Voice from the grave: Pope Benedict XVI Accuses Vatican Of Supporting ‘Homosexual Clubs’ In Seminaries And Being Manipulated By ‘Gender Ideology’ In Shocking Posthumous Confession
Pope Benedict XVI is posthumously spilling deep, dark secrets of the Catholic Church in a shocking, tell-all tome that he ordered to be published after his death.
In the pages of What Christianity Is, the religious leader, who passed away on December 31, 2022, accused the Vatican of allegedly being “radically” manipulated by the “distortion of sexes be gender ideology.”
“In various seminaries, homosexual clubs were formed which acted more or less openly and which clearly transformed the atmosphere in the seminaries,” the late Pope Benedict wrote in the 190-page book.
He also claimed some bishops broke the Church’s longstanding rules by allowing trainees seeking the priesthood to watch pornography “with the intention of rendering them capable of resisting behaviors contrary to the faith.”
“There were individual bishops, and not only in the United States, who rejected the Catholic tradition as a whole, aiming in their dioceses to develop a kind of new, modern catholicity,” Benedict explained in the book, per an outlet who obtained excerpts of the bombshell memoir.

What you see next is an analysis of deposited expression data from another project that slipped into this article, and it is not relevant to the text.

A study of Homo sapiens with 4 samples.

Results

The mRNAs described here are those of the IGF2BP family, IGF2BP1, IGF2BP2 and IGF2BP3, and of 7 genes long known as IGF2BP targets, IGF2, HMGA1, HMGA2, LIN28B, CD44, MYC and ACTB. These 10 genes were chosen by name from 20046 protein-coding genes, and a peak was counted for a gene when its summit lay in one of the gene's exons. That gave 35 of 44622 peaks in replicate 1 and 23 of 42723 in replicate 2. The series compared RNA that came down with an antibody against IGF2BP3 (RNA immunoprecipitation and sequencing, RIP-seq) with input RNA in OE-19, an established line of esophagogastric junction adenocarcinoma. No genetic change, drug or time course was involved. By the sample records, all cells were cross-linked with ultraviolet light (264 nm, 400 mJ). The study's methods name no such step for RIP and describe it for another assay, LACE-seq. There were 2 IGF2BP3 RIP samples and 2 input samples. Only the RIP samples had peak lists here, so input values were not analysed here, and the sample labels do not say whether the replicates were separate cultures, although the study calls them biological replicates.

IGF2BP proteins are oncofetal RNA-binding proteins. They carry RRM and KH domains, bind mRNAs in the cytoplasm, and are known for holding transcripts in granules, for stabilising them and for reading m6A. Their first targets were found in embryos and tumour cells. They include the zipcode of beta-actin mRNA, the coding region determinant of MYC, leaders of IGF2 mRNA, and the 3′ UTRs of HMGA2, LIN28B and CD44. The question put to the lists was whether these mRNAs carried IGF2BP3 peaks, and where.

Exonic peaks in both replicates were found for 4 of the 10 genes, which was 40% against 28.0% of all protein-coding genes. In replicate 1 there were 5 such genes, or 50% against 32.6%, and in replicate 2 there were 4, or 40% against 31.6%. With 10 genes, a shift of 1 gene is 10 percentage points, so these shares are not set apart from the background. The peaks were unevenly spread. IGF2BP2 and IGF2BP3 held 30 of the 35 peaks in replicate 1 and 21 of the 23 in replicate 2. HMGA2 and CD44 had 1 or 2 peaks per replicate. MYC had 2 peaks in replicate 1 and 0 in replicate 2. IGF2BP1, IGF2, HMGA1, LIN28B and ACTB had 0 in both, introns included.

He also appeared to hint at his feud with his successor, Pope Francis, who is notorious for being less conservative when it comes to LGBTQ+ rights. Most recently, Francis distinguished that while homosexuality may be a “sin” in the eyes of the Church, it is not a “crime” in the eyes of the law.
In Benedict’s 2016 book, The Last Conversations, he insisted that a “gay lobby” consisting of “four or five” members in the Vatican had attempted to influence him. He also purported that Francis had confirmed the alleged lobby continued to exist after Benedict stepped down from his role as pope in 2013.
He further penned that in quite a few seminaries, students that were “caught reading” this book were deemed “unfit for the priesthood” and his books were supposedly hidden away as “harmful literature” that could only be perused privately by those whose beliefs aligned with his own.
Prior to his passing, Pope Benedict told others that he did not want What Christianity Is published until after his death to protect both himself “and Christendom” from the backlash his biting words would surely cause.
“For my part, in life, I no longer want to publish anything,” he wrote at the time. “The fury of the circles against me in Germany is so strong that the appearance of every my word immediately causes a murderous shouting from them.”